The Walking School Bus: A Safe and Active Way to Get Kids to School
Aug 26, 2014, 1:23 PM
With research indicating that fewer children are walking or biking to school than in decades past—and with the childhood obesity epidemic in full swing—health experts have been brainstorming solutions that would address both issues. In recent years, a simple but effective concept has been gaining traction at the grass-roots level: Why not organize a “Walking School Bus”—a group of kids who walk to school with one or more adults, so that kids can get exercise on their way to and from school?
A Walking School Bus is “just like a regular school bus, but without the walls and seats, and instead of wheels, we use our feet,” explained LeeAnne Fergason, education director for the Bicycle Transportation Alliance in Portland, Ore., which has a thriving Walking School Bus program. Other communities around the country that have well-established Walking School Bus programs include Chapel Hill, N.C.; Sacramento, Calif.; Burlington, Vt.; Columbia, Mo.; and Duluth, Ga. In the Fall of 2014, many more schools—including Grand View Elementary in Manhattan Beach, Calif.; Greenacres Elementary in Scarsdale, N.Y.; Madison Elementary in Redondo Beach, Calif.; and several elementary schools in Spokane, Wash.—will be joining the trend.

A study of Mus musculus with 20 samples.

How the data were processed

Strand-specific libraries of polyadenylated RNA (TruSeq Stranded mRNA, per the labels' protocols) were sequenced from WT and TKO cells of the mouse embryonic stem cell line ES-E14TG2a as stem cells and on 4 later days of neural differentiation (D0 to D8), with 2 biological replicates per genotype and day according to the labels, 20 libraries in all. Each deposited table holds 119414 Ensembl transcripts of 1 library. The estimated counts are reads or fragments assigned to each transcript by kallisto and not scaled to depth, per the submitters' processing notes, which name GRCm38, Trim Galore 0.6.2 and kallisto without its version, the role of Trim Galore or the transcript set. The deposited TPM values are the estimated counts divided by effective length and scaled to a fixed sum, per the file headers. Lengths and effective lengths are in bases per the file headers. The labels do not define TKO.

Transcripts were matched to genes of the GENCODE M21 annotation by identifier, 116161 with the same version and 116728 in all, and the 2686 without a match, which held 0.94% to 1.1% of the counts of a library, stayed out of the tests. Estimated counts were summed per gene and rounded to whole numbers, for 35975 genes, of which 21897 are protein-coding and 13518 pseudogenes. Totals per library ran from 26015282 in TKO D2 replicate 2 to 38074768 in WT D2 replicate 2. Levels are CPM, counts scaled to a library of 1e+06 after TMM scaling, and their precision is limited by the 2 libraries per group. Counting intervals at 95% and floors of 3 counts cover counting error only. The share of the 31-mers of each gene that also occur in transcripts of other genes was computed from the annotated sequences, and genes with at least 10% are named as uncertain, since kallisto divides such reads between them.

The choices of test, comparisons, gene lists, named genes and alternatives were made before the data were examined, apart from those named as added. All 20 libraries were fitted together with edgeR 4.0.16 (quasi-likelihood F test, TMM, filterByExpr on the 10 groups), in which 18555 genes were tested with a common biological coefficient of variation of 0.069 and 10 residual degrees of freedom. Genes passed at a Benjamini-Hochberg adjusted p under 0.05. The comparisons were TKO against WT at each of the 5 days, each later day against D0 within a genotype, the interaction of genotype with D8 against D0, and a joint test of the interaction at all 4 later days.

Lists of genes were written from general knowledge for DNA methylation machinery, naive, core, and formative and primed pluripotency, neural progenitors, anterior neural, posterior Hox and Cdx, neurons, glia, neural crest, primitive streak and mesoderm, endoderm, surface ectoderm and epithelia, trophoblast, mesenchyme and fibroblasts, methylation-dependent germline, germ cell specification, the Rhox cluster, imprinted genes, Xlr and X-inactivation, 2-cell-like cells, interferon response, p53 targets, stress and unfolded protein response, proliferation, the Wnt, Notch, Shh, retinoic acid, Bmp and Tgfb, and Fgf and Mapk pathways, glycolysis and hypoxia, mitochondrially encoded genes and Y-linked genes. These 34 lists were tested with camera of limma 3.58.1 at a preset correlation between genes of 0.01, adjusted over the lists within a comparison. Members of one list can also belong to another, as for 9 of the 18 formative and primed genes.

Created by the National Center for Safe Routes to School, these programs help kids sneak some extra physical activity into their day while also addressing parents’ concerns about getting their kids to school safely. It can be as simple as a few neighborhood families taking turns walking their kids to school. Or it can be more elaborate, with prearranged routes, timetables and stops along the way to pick up more “passengers”; with this model, there’s usually an adult “driver” at the front and an adult “conductor” bringing up the rear. A variation on this theme, the bicycle train, in which two or more adults accompany and supervise kids as they ride their bikes to school, has also become popular.
Viewed as a way to fight childhood obesity, improve school attendance rates and ensure that kids get to school safely, the Walking School Bus concept is garnering positive reviews from public health experts. In July 2013, Michelle Obama voiced her support of these programs in her remarks to mayors gathered at the White House.
“I've heard more and more of this kind of walking school bus happening all over the country—so that kids can get exercise on the way to school, kind of like we did when we were growing up," she said. “It’s about people all across this country coming together to take action to support the health of our kids.”
Besides providing an opportunity for movement, the Walking School Bus also allows kids to socialize with their peers, gain a bit of independence and learn important road safety skills. All of these benefits are also important for children’s health and wellbeing.
This commentary originally appeared on the RWJF New Public Health blog.